Ministry explains higher fuel prices “St. Maarten not in position to provide a subsidy”

POSTED: 09/21/12 1:10 PM

GREAT BAY – The Ministry of Economic Affairs, Transportation and Telecommunications has published an extensive explanation about the recent increase in fuel prices. This is the ministry’s reaction:

“Gasoline prices are affected by a composition of various factors, including, on-going Organization of Petroleum Exporting Countries (Opec) production trends; oil inventory levels; demand from developing non-OECD countries; demand trends from more mature OECD economies; market altering events from bad weather to political upheaval; financial market activity which also induce speculators that can drive up the prices.

Currently there is a mix of the aforementioned developments. For instance, analysts have forecasted that the expectation that the Federal Reserve will take action to keep interest rates lower until the end of 2012, will help the US economy, but should also boost oil prices because demand for energy should pick up.

In addition as a small non-oil producing country, the effects are harder felt and the cost to the end consumer higher. The local prices of refined petroleum products follow the trend of the price of crude oil on the international market.

However, there is a lag in the prices changes, which is due to the fact that Sint Maarten is fully import dependent and the shipments of the petroleum products are usually every three to four weeks.

For discussion purposes, if the wholesaler purchases 1,000 gallons at a higher price, that is the price the product will be sold for on the market until that stock is completed. This means if the prices decrease, within that period, the local market will continue paying for the higher price, and vice versa.

As such, Sint Maarten cannot always respond as quickly to the international price changes, so even though internationally the prices are decreasing, the local prices may still remain high until a next fuel shipment arrives on the island.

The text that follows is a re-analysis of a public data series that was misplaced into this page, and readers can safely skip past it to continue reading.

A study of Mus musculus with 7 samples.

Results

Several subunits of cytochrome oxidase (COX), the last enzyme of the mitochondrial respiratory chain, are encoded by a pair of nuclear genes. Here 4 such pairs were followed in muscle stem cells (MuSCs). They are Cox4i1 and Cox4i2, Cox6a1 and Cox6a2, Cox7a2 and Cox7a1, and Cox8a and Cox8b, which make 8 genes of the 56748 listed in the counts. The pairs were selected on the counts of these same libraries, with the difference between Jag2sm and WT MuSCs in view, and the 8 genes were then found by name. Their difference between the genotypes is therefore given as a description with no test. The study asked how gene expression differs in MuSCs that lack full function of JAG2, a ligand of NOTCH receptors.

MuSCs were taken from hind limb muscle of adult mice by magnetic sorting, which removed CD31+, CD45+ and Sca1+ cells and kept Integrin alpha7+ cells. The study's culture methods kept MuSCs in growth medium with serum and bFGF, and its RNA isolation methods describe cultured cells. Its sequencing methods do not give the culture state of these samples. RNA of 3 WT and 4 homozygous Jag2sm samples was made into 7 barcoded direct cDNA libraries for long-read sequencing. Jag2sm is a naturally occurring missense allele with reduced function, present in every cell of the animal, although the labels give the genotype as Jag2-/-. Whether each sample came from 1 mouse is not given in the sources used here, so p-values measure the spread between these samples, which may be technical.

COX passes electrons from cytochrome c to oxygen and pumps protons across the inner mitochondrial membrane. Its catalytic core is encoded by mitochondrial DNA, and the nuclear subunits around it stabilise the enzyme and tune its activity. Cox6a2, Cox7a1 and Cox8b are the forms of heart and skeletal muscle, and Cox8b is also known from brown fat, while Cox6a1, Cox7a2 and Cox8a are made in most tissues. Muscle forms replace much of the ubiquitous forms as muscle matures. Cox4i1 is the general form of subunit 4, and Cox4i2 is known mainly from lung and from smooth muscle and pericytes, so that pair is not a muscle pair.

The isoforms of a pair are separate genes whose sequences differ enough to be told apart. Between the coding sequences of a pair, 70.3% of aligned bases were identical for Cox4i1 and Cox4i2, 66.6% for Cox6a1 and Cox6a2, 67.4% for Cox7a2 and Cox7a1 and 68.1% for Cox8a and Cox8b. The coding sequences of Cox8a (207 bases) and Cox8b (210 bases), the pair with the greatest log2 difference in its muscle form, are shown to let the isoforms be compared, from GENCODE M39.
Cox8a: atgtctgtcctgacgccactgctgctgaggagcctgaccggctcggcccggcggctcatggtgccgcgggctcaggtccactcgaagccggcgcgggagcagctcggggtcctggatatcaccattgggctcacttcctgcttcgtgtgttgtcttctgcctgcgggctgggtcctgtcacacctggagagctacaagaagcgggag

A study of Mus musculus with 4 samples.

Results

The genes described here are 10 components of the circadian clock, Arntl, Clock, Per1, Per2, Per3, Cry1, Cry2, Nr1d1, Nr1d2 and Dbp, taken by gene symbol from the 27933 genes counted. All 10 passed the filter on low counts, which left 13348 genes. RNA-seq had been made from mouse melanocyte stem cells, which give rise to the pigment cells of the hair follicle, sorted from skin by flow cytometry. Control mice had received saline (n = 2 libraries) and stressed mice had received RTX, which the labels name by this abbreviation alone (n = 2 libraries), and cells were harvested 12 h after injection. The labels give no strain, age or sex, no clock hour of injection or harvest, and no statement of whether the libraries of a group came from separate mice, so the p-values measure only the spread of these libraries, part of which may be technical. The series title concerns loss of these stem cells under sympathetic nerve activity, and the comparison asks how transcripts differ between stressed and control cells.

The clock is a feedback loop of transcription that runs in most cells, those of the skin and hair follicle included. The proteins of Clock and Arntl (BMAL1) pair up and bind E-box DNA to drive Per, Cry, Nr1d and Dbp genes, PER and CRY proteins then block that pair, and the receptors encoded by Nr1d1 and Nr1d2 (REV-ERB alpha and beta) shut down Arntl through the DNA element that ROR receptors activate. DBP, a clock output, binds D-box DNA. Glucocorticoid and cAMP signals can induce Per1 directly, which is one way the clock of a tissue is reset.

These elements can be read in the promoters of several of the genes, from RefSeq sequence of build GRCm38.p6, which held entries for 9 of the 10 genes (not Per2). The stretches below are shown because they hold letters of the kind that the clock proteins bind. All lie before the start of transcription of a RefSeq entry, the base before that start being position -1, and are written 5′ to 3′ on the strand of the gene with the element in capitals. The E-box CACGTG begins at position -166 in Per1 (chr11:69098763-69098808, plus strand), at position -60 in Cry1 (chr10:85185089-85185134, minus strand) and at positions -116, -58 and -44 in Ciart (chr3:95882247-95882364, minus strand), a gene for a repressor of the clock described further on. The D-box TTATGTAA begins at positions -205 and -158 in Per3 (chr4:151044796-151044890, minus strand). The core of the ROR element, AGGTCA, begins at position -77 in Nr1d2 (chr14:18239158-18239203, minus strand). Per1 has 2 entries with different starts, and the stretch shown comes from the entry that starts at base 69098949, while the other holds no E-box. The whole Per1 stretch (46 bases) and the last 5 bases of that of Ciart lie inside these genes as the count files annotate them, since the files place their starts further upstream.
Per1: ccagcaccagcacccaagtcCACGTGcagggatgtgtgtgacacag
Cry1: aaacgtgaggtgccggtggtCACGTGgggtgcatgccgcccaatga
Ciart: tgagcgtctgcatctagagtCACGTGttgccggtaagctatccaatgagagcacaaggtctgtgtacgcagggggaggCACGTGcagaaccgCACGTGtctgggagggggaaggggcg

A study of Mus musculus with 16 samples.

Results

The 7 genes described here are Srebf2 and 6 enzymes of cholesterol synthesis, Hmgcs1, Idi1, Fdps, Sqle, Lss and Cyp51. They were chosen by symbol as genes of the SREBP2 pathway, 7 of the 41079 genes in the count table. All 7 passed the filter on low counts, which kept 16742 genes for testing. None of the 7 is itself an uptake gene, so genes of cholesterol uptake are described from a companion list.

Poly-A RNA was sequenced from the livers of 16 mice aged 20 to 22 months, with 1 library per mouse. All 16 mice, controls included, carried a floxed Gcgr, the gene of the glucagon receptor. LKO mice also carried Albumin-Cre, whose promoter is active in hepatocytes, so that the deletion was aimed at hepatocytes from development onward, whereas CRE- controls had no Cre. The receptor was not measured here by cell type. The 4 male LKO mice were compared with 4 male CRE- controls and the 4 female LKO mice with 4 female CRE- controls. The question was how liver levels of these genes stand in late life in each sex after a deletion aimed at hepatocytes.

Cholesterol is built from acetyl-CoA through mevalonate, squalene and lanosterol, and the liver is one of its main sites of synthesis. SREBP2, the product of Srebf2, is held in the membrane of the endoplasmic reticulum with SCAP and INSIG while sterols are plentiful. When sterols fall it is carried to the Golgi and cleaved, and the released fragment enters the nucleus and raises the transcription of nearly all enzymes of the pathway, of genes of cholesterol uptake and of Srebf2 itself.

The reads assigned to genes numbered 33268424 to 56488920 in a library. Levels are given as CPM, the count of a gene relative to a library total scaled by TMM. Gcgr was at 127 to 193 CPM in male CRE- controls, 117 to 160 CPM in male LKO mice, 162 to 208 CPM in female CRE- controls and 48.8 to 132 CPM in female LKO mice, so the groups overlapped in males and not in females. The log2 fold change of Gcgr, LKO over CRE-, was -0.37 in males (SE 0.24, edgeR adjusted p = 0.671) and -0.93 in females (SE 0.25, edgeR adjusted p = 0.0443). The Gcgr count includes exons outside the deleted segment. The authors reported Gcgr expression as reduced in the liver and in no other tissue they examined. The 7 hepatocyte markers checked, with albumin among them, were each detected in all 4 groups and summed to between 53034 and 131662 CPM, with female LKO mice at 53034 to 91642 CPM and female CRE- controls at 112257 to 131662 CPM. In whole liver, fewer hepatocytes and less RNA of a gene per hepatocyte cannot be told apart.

Additionally, the final consumer tank price is made up of different factors, including taxes (Naf.0.29 guilder cents per liter), transportation cost, insurance, freight, port and landing fees and the Wholesaler and Retailer profit margins.

These price components are added to the base rates, and are inevitably higher than what we see in the United States.

In addition, the prices of gasoline on the surrounding islands may vary and are higher (Grenada 3.00) or lower (Aruba 2.447, Curacao 2.327 guilders) due to the fact that some islands subsidize the petroleum products, or have their own oil refinery. According to the Bermuda government in September 2012, gasoline prices hit an all-time high this year to date, 4.03 guilders per litre.

With no natural gas available, almost all Caribbean islands except for a handful must import and the prices of petroleum products are very expensive compared to the USA and Canada.

The options available to most Caribbean islands are to subsidize. However, subsidizing must be funded, which result in a higher tax burden elsewhere, such as Value Added Tax (VAT),

Consumption Tax, Property Tax, or tariffs (including domestically produced products) and Import Duties, therefore other taxes are levied to cover the costs.

Sint Maarten is not in the position of providing a subsidy as the tax burden on the general public will have to increase in order to provide these subsidies.

Instead, the Ministry sets maximum prices in order to mitigate high price increases. For example, the reason for the recent price increases (August 29 and September 4, 2012) for gasoline are due to the fact that government levelled out the initial price increase of 24 Antillean cents over several weeks.

The levelling out is used as a strategy to spread out the burden of the high price increase on the end consumer. The third most recent price increase of 12 Antillean cents (September 19), was due to the abovementioned international developments.

The Ministry is looking at all available options to try and lower the burden on the consumer. In order to provide relief for the public, the Ministry commissioned Soab (Stichting Overheids Accountant Bureau) to review the gasoline and diesel margins of the wholesaler, retailers and LPG distributors.

Further, the study will look at the price build-up to determine if any changes are possible. Global oil prices have now been volatile for the past 10 years, compared with historical trends, with sharp volatility characterizing the markets since the latter half of 2007.

Managing oil price volatility is a constant challenge for all Caribbean islands. The Ministry is committed to reviewing all feasible available options to lower the burden for the end consumer.

The Soab report is expected to be finalized at the end of December.”